Decline


  • The verb 'to decline' means:
    • 'to become less' - active, powerful and so on. This may be said of
      • an individual: the process of ageing is often called 'entering the declining years';
      • an organization - the Spanish Empire was said to have declined from the inflation caused by South American gold in the 16th and 17th centuries;
      • more abstract notions, such as markets, ideas, etc - church attendance is declining in the United Kingdom, and the market in footwarmers has declined since the widespread adoption of central heating.
    • In astronomy, surveying and similar fields, 'to decline', which was formerly more used than it is now, was 'to have declination': a deviation from a standard reference location, usually the vertical, or, for heavenly bodies, the equator or meridian. (Donne talks of an ideal world as being "Without sharp north, without declining west" ('The Good Morrow', Songs and Sonets, 1650).)
    • Similarly, the declination of a magnetic compass was its departure from a true reading of North and South, usually caused by some ferrous material in its location. The compass was said 'to decline [so many] degrees from the North'. This is usually called the variation nowadays.
      • (More archaically, the compass 'declined' as the needle dipped below the horizontal plane.)
    • Transitively, 'to decline' means 'to turn away', or 'to avoid' something: one may 'decline combat' by running away, or someone in authority may 'decline to discuss' a matter with a junior, ~ regard the matter as decided by nature of the superior power.
    • This became almost synonymous with (but gentler than) 'to refuse': 'to say no to [an invitation or offer, etc]': if the Trojans had declined the wooden horse that the Greeks left them, they would not have been defeated.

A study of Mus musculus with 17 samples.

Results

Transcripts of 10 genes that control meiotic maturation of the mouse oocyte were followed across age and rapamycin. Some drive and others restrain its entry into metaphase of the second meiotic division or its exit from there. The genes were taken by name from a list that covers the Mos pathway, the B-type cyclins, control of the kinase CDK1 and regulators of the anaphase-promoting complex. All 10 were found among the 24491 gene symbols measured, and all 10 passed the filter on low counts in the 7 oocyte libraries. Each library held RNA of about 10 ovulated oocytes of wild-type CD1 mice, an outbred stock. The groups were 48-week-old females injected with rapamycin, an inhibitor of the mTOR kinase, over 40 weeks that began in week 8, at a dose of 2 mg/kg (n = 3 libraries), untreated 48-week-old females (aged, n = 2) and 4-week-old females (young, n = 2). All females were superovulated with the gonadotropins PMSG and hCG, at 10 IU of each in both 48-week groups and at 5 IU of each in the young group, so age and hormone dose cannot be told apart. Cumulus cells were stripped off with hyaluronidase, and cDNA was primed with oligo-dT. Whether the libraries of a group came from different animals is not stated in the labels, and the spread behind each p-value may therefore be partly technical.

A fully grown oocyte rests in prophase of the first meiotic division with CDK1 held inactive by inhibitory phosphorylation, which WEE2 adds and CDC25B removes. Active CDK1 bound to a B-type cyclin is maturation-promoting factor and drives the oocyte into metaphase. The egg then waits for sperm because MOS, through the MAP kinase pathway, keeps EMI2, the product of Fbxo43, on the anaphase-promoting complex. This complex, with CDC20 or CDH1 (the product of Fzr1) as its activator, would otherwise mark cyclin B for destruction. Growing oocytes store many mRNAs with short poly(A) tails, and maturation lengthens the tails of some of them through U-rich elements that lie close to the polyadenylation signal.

• Specifically, in the game of chess, a player may decline a gambit, in other words refuse to accept an easy capture which the opponent has offered as a trap.
      • A polite way of turning down an invitation is to say "I must regretfully decline...".
    • In the study of grammar, to decline a noun or adjective is to list, or tabulate, all its inflections, for such things as number, gender and case. In languages which are more inflected than English, such as Latin and [[Greek}], nouns are grouped into different Declension - conjugation|declension]]s according to the pattern of their inflections.
  • The noun 'a decline', again, has several meanings, connected to the verbal meanings above. It may help you if you think of the basic meaning as being 'a downward slope', or more figuratively, 'a deterioration', 'a getting worse'. This may be:
    • in health, particularly, in the past, of those wasting diseases which could not be cured but led to gradual weakness and death, like tuberculosis, or progressive paralysis;
      • in the similar progression of life - 'the decline of life' is a similar phrase to 'the declining years' mentioned above;
    • heavenly bodies, particularly the sun, are in a decline as they appear to move down the sky towards their setting;
    • earthly powers may experience a decline, as with all the great empires of the past - note the titles of two books,
      • Gibbon's Decline and Fall of the Roman Empire (1776-1788), and
      • Spengler's The Decline of the West (originally published in German as Der Untergang des Abendlandes) (1918-1923), where Abendlandes may be translated as 'evening states' - i.e. those towards the west
    • in economics, business and related areas, a decline is a reduction, or lowering, usually in money terms, but sometimes such other concepts as 'market share' - there may be "a decline in wages in real terms" during a period of inflation; or "a decline in investment in these difficult times".
    • To go into a decline may be to enter a period of increasingly degenerative illness, or some figurative equivalent. Some families use it to describe the mood swings (downwards) of a small child.